What are audiologists trained to do?
Audiologists are hearing professionals who diagnose, treat and manage hearing problems for all ages. In order to be considered an audiologist, the audiologist will have received a doctorate degree in audiology or a master’s degree from an audiology graduate program. Audiologists conduct hearing exams, and they fit, adjust, and maintain hearing aids.
Audiologists are also qualified to treat balance disorders and tinnitus, and they can provide hearing and speech rehabilitation programs.
Where do audiologists work?
Audiologists can work in a variety of settings including private hearing clinics, educational facilities, government agencies, hospitals, and in the medical device industry. As a part of their daily work, audiologists work with all age ranges, counsel patients on hearing care solutions, use technology to evaluate patients’ hearing needs, and serve as supervisors and mentors later on in their career.
What can an audiologist do for you?
If you are searching for an expert’s advice on any hearing or balance issues, an audiologist would be the best person to seek out for advice. The audiologist can then provide advice regarding hearing loss, tinnitus (ringing in the ears), balance issues, wax build up and communication. Audiologists will typically conduct hearing tests and advise on hearing loss solutions (if applicable). If the audiologist feels that you may have a medical issue (like a bacterial infection), they will typically refer you to an ENT doctor who can assess the condition and the potential treatment (which may include a small procedure, medicine, or even surgery). If your audiologist decides that a hearing aid would be a good solution for you, the audiologist will discuss which hearing aids would be good options for your level of hearing loss. Your lifestyle and preferences will also be discussed so that you find the optimal solution for you. The audiologist can also provide further hearing protection advice such as how to protect yourself from noise-induced hearing loss (which can be caused by loud concerts, lawnmowers, and fireworks, for example). Your audiologist can also educate you about the benefits of using earplugs in loud environments and how to equalize pressure in the ear during diving or traveling in an airplane.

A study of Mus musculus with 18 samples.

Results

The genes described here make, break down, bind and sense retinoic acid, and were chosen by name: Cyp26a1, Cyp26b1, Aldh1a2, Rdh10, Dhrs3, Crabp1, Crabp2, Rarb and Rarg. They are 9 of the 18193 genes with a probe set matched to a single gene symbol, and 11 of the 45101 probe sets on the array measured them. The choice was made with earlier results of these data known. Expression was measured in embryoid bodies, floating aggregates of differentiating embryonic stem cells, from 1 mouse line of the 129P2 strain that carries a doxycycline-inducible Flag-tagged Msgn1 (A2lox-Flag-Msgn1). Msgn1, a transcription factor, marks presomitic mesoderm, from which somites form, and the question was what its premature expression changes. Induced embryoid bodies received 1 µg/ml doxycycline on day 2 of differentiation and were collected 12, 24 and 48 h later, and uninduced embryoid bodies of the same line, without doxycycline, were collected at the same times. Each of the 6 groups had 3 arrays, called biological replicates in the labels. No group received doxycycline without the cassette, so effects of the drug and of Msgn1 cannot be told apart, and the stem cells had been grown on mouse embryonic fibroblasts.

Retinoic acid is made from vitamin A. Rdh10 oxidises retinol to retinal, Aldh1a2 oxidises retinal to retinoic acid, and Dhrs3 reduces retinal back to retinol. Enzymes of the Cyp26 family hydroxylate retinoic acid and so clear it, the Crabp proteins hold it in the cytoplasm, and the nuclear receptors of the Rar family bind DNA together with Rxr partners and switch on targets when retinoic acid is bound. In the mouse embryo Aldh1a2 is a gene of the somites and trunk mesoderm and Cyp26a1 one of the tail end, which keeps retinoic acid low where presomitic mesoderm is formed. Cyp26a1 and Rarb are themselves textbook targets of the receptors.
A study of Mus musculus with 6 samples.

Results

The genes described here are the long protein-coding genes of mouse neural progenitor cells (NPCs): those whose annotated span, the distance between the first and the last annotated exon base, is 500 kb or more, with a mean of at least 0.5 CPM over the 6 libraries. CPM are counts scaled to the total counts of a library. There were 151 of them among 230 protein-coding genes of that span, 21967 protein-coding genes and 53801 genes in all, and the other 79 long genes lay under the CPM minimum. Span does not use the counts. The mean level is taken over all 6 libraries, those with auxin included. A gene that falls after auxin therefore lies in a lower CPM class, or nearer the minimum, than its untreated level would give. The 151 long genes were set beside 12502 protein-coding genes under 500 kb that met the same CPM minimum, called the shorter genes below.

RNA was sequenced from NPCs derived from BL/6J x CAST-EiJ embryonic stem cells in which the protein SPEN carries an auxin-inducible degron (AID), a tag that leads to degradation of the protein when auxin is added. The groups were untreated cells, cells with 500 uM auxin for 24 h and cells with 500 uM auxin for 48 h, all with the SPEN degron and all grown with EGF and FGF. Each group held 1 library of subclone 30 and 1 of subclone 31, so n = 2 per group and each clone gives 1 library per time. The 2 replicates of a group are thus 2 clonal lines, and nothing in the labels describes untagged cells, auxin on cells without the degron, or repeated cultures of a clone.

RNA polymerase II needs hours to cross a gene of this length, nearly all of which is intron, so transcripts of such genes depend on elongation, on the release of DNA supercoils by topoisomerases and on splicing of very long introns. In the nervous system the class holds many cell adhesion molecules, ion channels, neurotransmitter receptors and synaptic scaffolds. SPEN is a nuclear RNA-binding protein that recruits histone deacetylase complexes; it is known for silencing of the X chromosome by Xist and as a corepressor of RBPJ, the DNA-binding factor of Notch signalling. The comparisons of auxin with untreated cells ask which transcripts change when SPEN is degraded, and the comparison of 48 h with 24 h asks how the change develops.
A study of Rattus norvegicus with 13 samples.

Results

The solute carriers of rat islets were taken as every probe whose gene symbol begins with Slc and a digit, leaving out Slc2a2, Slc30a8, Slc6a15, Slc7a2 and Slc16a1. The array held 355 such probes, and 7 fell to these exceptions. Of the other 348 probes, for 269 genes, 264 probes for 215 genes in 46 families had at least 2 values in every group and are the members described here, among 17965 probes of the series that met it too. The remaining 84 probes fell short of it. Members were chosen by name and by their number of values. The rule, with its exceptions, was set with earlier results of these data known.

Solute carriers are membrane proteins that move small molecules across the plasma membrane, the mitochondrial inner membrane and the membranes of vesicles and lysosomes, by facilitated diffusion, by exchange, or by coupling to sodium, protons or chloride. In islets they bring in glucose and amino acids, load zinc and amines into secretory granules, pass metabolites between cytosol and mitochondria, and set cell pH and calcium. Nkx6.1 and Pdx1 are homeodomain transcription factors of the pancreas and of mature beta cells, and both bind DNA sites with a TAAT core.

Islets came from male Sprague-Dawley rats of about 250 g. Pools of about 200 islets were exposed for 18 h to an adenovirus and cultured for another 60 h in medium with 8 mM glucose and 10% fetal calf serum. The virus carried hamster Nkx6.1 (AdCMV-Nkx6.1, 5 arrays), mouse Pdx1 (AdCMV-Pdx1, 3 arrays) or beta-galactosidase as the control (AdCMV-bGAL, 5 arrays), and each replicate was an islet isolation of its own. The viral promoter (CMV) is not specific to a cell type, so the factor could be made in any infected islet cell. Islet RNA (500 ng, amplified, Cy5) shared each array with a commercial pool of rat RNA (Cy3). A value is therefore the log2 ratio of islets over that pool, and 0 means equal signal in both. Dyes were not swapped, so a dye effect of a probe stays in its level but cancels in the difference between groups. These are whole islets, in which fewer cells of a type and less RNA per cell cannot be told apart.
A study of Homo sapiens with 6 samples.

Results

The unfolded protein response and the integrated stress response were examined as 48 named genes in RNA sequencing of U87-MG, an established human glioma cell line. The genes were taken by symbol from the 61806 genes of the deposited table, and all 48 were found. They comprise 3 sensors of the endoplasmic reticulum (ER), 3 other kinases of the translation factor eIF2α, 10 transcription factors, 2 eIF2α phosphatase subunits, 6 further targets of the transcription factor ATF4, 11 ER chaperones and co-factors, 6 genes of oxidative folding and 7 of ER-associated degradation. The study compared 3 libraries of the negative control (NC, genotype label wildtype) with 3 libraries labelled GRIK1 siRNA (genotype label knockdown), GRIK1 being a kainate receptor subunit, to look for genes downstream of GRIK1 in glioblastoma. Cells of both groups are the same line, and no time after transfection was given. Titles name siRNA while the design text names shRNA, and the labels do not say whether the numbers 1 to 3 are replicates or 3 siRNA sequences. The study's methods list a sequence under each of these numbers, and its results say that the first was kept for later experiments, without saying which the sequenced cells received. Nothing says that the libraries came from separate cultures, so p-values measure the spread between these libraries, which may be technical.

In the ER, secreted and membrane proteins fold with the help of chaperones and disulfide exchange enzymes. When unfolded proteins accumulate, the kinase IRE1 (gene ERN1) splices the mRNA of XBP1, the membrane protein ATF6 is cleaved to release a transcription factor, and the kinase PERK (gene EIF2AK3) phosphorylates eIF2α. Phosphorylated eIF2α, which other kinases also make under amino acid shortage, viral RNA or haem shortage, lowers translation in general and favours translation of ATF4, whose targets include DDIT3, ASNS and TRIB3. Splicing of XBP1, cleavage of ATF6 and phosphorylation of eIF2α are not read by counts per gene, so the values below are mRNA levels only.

How an audiologist tests your hearing
At a hearing test appointment, your audiologist will first discuss your hearing concerns with you. They will then conduct a brief physical exam of your ear to check for any earwax blockage or potential signs of bacterial infections. The audiologist will then conduct a series of tests which include tone tests and speech and recognition tests. Once your tests are complete, the audiologist will provide counselling on your results and let you know whether you have a hearing loss, and if so, which solutions may be best for you. The results of your test will be plotted on an audiogram which is a graph providing a visual illustration of your hearing loss.